Some Auburn Gresham Residents Say They Don’t Want City-Backed Affordable Housing On 79th Street

Residents called for more commercial-focused development and better communication from city officials.

Auburn Gardens, a $20 million, retail and residential development planned for city-owned vacant land at 838-58 W. 79th St.
City of Chicago

Dozens of neighbors sounded off Thursday evening in a three-hour emergency town hall meeting at First Corinthians MB Church, called by Ald. David Moore (17th).

“Auburn Gardens” is a $20 million, retail and residential development with 56 affordable apartments planned for city-owned vacant land at 838-58 W. 79th St. It’s part of the city’s INVEST South/West plan, designed to kickstart major development projects in several underserved neighborhoods throughout the city. In Auburn Gresham, the city is focusing on work to rejuvenate the 79th Street Corridor.

Evergreen Imagine JV, LLC, a joint venture between the Imagine Group and Evergreen Redevelopment, was the only bidder for the site and got the green light to move forward last month.

Moore said he was forced to call the Thursday meeting after some residents received a flyer in their mailboxes promoting what turned into a contentious March 26 Zoom meeting about the affordable housing project. The flyer, which promised Moore would speak on the call although he was not told in advance, also accused leadership of keeping constituents in the dark.

More than 130 people logged onto that call to discuss the plan, which would be built opposite a “Healthy Hub” which won the Chicago Prize last year.

A flyer sent out to 17th ward residents the week of March 25, warning them about the proposed plan to bring affordable housing to 79th Street.

At Thursday night’s meeting, Moore, representatives from the development company, and the Department of Planning and Development Commissioner Maurice Cox were on hand as longtime residents packed the question-and-answer queue to have their say.

“We have enough people, we just don’t have a place to take them. We don’t have stores, so the money is going outside of the neighborhood,” said resident Philip King. “Nothing is a bad idea but the focus should be on how we keep people in the community.”

State Sen. Jacqueline Collins, whose name appeared in attendance logs for past meetings, told Moore she’d only heard about the proposal last week, criticizing the process for how certain community members were selected to participate.

“A stakeholder meeting doesn’t represent the community. Even though my name is on the list, I represent my community but I’m not the voice from my community. The majority of people in that roundtable were on the city of Chicago’s team. I only saw three names of 17th Ward residents,” said Collins.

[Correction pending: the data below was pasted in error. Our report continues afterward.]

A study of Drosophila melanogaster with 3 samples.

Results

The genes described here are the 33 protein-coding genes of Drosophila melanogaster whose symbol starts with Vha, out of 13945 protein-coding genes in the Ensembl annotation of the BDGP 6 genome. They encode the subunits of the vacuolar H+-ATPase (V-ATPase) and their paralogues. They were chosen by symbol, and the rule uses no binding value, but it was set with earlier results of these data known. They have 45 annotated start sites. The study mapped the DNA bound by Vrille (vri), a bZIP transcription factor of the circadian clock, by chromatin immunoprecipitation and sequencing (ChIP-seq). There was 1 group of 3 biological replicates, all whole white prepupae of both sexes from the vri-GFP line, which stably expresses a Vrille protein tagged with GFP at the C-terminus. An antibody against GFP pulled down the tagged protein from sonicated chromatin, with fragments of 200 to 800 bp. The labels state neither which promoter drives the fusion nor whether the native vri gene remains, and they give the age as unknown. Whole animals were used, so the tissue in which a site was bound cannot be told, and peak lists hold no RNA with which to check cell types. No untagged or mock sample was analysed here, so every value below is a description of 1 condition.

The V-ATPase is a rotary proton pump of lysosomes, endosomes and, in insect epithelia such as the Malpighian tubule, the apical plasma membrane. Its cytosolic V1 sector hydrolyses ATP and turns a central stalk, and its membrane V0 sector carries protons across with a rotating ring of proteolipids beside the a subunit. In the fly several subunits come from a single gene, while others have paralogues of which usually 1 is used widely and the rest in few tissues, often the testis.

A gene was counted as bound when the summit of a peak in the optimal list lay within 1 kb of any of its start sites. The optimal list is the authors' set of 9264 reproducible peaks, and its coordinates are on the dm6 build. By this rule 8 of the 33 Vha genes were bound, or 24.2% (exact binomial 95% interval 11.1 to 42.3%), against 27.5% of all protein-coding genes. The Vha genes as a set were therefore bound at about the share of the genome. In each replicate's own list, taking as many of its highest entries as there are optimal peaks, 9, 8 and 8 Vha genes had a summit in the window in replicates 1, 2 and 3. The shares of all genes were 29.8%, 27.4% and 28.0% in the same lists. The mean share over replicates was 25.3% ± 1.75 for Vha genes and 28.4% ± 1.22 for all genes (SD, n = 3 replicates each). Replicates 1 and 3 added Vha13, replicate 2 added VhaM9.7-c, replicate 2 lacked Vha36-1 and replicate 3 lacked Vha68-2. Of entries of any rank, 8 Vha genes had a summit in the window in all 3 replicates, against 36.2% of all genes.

Some residents expressed concern about the type of renters the affordable housing development would bring to an already crime-stricken area. Others said they weren’t against the idea but feared that another high-density development would add to the neighborhood’s parking woes.

An artist’s rendering of the community garden for Auburn Gardens, an affordable housing development in the works for Auburn Gresham.

Moore pushed back, telling the crowd that plenty of renters eventually become good homeowners while maintaining that nothing is a “done deal.”

“We can’t throw the baby out with the bathwater, and I want us to figure out a way to massage this so that everyone gets what they want,” Moore told Block Club after the meeting. “But if residents still say ‘no’, I’m standing by them. If they don’t want it, they don’t want it.”

There was also some debate about the difference between affordable housing and low-income housing, with several residents accusing certain stakeholders of finessing the language to avoid criticism, a charge Cox vehemently denied.

“I think we owe it to [Evergreen Imagine] to work with them. We only had one, and I really hope we embrace them, massage this project, and make it our own,” said Cox, who said he’d be willing to add more roundtable discussions to include residents immediately impacted. “But I’m not going to turn it away. We’re going to move forward by making development happen in Auburn Gresham.”

Moore said he’s in the process of scheduling a meeting with Mayor Lori Lightfoot to discuss next steps.

An aerial shot of the parcel of land where Auburn Gardens would be built.